The fallopian tubes, also know as uterine tubes, are two thin tubes that connect the ovaries and the uterus. An ovum (egg) that is released from an ovary will travel through a fallopian tube and into the uterus. Each fallopian tube is comprised of three sections: the isthmus, ampulla, and infundibulum.
Fecundity is a term that refers to the potential for successful reproduction.
Fertility is the ability to conceive a pregnancy.
Fertility preservation is the use of specific medical interventions to protect the fertility of individuals whose disease or disease treatment may lead to infertility.
Fertilization is the event that occurs when a sperm and an egg unite to produce a zygote. During normal fertilization, the haploid male and female gametes fuse to produce a diploid zygote.
A fertilization membrane is a membrane that forms around the egg after fertilization in order to prevent polyspermy.
A fetal membrane is the tissue surrounding the fetus that works to protect, nourish, and assist in the excretion and respiration of the developing fetus. The fetal membranes include the chorion, amnion, and allantois. Healthy fetal membranes are required for favorable pregnancy outcomes.
The fetal origins of adult disease (FOAD), also know as Barker's hypothesis, claims that fetal stresses encountered during gestation can ultimately lead to adult diseases such as hypertension, heart disease, stroke, and diabetes.
In humans, the term fetus is used to describe a developing organism that has reached the eighth week of developmental age (following fertilization).
A fibroid, also known as a uterine leiomyoma, is a benign (non-cancerous) tumor of the uterus. Fibroids are fairly common, occurring in 20-40% of women. They are typically asymptomatic but can result in painful intercourse, heavy menstruation, frequent urination, and rarely infertility.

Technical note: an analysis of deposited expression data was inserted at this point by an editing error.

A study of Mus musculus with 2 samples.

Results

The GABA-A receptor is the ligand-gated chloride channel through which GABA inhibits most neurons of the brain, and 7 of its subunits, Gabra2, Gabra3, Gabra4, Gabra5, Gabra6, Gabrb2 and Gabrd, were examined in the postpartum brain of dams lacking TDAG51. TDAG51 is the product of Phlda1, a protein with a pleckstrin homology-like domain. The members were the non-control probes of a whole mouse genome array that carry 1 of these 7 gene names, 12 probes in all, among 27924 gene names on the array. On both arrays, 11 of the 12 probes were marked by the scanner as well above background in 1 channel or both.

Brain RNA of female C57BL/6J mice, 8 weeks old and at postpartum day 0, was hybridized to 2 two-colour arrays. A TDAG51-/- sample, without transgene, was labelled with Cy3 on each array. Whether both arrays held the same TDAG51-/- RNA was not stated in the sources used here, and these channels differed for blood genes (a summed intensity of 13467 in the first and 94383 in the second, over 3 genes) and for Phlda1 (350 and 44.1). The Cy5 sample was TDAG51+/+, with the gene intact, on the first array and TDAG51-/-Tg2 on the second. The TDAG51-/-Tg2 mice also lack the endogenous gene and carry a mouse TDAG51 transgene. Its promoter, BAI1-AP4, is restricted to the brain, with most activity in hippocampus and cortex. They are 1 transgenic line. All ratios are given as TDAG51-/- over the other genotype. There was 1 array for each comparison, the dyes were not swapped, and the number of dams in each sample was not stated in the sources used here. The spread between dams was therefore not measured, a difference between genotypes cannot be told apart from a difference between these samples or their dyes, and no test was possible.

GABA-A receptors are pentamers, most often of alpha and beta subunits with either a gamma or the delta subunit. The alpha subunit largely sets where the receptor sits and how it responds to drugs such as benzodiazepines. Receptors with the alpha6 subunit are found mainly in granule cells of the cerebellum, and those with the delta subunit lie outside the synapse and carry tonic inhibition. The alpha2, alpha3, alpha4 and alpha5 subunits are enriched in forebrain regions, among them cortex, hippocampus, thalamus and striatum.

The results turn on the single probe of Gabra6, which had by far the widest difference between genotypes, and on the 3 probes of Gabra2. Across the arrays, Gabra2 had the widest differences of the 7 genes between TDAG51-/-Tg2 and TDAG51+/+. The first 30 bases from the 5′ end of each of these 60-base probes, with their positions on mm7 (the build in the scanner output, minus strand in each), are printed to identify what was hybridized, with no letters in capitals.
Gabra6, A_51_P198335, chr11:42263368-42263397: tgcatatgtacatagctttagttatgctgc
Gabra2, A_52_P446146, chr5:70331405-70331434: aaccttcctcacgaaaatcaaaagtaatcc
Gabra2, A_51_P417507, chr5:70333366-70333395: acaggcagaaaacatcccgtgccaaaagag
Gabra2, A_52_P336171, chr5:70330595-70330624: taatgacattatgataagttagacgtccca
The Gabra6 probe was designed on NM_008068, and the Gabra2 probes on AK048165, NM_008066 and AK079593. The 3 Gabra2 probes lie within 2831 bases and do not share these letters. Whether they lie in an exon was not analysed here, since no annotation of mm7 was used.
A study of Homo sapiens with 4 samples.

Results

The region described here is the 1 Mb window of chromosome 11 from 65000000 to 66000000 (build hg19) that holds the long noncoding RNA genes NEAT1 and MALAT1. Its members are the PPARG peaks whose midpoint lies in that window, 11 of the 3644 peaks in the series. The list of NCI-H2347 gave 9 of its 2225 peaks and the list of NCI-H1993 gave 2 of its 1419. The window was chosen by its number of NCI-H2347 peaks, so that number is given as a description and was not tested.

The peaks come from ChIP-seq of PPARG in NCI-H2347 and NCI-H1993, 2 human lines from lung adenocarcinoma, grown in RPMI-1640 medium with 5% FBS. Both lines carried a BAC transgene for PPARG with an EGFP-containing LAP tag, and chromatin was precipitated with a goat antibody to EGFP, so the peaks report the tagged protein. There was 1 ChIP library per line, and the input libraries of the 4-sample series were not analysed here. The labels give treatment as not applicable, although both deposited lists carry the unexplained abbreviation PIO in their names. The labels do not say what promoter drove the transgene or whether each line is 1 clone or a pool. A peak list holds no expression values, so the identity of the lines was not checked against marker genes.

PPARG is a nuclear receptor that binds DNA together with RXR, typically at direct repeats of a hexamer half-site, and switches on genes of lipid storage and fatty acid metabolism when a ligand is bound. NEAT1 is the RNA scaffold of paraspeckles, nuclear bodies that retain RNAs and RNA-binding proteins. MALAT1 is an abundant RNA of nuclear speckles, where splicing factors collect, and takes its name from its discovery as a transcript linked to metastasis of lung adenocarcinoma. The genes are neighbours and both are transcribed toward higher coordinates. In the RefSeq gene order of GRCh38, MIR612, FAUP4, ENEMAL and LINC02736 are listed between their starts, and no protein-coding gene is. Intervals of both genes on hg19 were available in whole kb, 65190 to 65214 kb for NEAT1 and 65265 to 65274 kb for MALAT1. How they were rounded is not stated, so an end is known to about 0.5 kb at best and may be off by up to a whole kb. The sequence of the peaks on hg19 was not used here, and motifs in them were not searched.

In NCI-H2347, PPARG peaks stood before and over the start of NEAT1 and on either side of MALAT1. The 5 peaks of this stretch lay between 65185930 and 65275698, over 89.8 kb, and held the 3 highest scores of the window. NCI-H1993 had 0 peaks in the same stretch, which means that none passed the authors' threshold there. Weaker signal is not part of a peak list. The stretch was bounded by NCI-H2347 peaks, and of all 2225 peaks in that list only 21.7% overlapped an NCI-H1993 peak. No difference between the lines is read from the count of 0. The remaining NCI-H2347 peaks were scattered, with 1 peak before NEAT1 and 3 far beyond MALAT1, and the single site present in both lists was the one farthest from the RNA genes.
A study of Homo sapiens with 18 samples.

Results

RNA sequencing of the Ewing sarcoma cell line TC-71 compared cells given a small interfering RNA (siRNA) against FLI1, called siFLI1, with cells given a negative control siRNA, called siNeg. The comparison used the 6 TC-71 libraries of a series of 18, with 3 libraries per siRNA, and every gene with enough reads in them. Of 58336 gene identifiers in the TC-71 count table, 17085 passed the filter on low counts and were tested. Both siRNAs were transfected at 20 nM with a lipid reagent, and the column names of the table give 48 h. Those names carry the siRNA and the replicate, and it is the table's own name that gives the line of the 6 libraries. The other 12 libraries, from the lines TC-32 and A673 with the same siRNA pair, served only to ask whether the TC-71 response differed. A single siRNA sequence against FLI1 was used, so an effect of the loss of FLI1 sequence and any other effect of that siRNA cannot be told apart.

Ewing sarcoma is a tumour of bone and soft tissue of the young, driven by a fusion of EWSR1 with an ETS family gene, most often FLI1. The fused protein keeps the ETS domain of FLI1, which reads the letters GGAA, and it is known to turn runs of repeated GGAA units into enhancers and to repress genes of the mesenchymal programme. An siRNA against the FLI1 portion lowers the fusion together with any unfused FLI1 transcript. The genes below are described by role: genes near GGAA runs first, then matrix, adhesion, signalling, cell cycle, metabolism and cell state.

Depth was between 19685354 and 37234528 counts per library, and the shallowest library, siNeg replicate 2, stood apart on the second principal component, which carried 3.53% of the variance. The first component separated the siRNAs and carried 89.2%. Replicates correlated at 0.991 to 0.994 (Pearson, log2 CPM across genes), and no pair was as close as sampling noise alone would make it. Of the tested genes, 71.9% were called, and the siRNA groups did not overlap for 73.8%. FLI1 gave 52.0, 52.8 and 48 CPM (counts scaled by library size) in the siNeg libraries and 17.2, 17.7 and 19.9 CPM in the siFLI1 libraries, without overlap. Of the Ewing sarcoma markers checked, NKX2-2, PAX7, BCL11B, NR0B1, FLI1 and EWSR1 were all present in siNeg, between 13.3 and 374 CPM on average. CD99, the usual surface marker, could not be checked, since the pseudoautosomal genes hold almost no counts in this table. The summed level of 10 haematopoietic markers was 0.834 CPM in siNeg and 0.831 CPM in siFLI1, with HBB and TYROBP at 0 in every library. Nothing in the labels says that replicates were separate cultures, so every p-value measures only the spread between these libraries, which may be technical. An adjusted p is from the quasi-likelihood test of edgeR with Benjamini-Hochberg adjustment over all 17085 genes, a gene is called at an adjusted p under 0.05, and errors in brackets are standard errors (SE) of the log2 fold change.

Fimbria is a fringe or fingerlike structure located at the ends of fallopian tubes. Fimbriae facilitate egg movement through the fallopian tubes.
Fixation is the process of preserving tissue through chemical means to retain its structure.
Follicle stimulating hormone (FSH) is a hormone made by the pituitary gland that affects gonads (female ovaries and males testes). In females, it stimulates the growth of the ovarian follicles.
The follicular phase is the portion of the menstrual cycle in which the ovarian follicle develops and matures. This half of the menstrual cycle begins on the first day of menses and ends with ovulation. The follicular phase is characterized by a gradual rise in the steroid hormone estrogen.
Folliculogenesis is the process of ovarian follicle development. In order to reach the ovulatory stage, an ovarian follicle will pass through the following stages: primordial (resting), primary, secondary (pre-antral), tertiary (antral) and finally the pre-ovulatory (Graafian) follicle stage. According to dogma in the field, in females, the peak number of ovarian follicles occurs in the fetus at mid-gestation and is approximately 7 million. This number then declines to 2 million at birth, half a million at puberty, 25 thousands at the age of 37 years, and less than one thousand at menopause. This progressive decline in follicle count with age is due to a natural breakdown process called follicular atresia that affects 99.9% of all follicles stages.
Follistatin is a protein that binds the hormone activin. It is made in the ovary and the pituitary. It is one of several proteins that regulates FSH secretion by controlling the activating hormone activin.